MILAN (VN) — Vincenzo Nibali (Astana), despite a recent Giro d’Italia victory, must prove he can lead the national team at the world championship this September. According to former teammate Ivan Basso (Cannondale), Nibali has work to do and the Italian team’s role of captain remains open.
“He’ll be the captain if he merits it,” Basso told La Gazzetta dello Sport. “Also, he knows what I can give. I think believes in me.”
Basso is coming back from a forced break, restarting Sunday in the national championships in Trentino. With Peter Sagan leading Cannondale’s Tour de France team starting next weekend, Basso was due to head the Italian squad in the Giro d’Italia last month. However, a severe saddle sore forced him to abandon on the eve of the race and re-work his schedule.
After the 229-kilometer Italian championship road race, Basso will compete at the Tour of Austria, the Tour of Poland, Vuelta a Burgos, and the Vuelta a España. The 34-year-old is uncertain of winning the Vuelta, Spain’s three-week grand tour, but he expects a top-three result and a boost ahead of the world championships in Florence in September.
Basso, in reality, will be thankful simply to wear the famous maglia azzurra of Italy’s national team. The federation created a rule in 2011 that bans riders who served doping bans of six months or more from participating. Only a modification, rejecting the rule’s retroactive application, allows Basso and others the opportunity to race.
Starting in 2007, Basso served a two-year suspension for his ties to the Operación Puerto doping investigation. Investigators found his blood stored in Doctor Eufemiano Fuentes’ refrigerator.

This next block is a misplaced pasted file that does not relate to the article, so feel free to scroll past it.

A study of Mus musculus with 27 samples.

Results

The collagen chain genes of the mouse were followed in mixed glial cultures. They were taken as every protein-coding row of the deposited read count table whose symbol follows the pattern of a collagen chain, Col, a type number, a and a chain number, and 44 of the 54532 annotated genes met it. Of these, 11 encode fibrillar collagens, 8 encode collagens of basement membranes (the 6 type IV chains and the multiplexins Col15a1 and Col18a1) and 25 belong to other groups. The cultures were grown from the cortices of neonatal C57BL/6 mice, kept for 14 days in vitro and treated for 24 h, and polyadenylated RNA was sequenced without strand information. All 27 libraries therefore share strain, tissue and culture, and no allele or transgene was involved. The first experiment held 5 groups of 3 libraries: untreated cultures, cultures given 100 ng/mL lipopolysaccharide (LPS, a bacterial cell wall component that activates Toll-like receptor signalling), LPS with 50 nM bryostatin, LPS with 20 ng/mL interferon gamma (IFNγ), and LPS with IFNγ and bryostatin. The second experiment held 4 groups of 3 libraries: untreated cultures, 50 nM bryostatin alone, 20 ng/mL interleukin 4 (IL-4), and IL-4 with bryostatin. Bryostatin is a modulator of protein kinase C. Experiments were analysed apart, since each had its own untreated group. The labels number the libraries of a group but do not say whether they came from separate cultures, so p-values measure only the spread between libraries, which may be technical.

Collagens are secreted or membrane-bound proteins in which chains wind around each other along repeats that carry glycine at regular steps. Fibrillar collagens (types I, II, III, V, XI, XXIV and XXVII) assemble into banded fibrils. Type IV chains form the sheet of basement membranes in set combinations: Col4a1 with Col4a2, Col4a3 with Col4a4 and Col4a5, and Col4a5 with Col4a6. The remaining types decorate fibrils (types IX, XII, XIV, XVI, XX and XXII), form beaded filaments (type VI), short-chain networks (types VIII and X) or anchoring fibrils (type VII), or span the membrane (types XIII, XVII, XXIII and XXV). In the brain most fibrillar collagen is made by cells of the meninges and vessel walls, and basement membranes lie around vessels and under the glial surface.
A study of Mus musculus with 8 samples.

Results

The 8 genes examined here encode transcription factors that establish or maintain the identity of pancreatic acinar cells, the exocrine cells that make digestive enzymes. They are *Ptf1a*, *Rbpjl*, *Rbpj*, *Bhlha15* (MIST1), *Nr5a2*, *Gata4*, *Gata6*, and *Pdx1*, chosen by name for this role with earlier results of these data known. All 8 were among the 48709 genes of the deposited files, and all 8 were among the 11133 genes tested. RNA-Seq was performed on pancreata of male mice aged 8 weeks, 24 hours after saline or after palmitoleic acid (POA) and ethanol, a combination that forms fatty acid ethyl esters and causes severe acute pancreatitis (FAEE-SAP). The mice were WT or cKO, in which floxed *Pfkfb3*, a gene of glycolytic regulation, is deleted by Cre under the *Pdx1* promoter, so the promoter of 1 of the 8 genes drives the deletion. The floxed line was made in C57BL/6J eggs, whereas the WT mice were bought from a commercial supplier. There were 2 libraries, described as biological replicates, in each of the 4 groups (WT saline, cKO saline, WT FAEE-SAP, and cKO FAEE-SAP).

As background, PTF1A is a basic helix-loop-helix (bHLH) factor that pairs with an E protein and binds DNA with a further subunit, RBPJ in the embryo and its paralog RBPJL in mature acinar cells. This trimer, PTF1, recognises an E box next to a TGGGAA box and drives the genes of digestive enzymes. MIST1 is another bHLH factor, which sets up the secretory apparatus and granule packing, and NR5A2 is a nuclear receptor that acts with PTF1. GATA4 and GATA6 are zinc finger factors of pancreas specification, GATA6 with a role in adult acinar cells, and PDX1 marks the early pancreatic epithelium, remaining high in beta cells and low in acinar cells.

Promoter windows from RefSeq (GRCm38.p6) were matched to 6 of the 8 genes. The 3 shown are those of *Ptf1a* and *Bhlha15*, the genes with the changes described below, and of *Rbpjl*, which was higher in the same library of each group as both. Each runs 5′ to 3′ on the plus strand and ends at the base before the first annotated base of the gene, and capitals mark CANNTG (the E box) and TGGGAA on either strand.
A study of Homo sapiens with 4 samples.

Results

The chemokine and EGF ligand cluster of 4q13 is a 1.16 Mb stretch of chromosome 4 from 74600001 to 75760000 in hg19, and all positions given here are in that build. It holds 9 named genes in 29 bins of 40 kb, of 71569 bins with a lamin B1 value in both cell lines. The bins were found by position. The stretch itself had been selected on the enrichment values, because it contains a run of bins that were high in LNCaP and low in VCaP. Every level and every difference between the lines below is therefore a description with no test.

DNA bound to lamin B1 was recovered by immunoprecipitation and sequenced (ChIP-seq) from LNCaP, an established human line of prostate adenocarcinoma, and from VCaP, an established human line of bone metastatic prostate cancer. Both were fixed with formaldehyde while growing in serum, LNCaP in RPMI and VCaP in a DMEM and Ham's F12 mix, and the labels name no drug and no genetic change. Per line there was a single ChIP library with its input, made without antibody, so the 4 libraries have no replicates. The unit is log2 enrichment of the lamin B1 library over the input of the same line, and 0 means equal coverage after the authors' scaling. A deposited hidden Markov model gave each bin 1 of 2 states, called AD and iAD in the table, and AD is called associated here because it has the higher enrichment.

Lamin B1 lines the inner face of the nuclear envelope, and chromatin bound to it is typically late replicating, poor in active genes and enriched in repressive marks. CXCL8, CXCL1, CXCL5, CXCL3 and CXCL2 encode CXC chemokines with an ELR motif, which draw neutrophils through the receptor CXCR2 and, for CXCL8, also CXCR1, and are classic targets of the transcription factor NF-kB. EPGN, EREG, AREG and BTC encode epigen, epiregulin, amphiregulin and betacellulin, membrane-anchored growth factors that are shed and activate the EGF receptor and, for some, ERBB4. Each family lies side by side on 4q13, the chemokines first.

Over the winter, Nibali split with Cannondale, then known as Liquigas-Cannondale, to join Astana. He spent seven years, the majority of his professional career, with the team. He helped Basso win the Giro d’Italia and won the Vuelta a España in 2010.
Nibali has very few one-day wins on his palmarès — GP Ouest-France, Toscana, Appennino, Camaiore, and Melinda. However, he has come close to bagging several big wins recently. Last year, he placed third in Milano-Sanremo and nearly rode solo to a Liège-Bastogne-Liège victory.
He led the world championship team in 2012, but said he “lacked the legs” to follow eventual winner Philippe Gilbert of Belgium.
“The course didn’t suit him, but we will be a force to reckon with on the Florence course,” national coach Paolo Bettini explained last month. “He can win this world championship. With the Giro, he’s completed a circle. He’s improved as a man and how he manages a team.”
If selected, Basso will likely be assigned to helping Nibali. In balance is a rare Giro-worlds double, not seen since Stephen Roche accomplished the feat in 1987. Roche also won the Tour de France that year. Greg LeMond won the Tour de France and the road worlds title in 1989.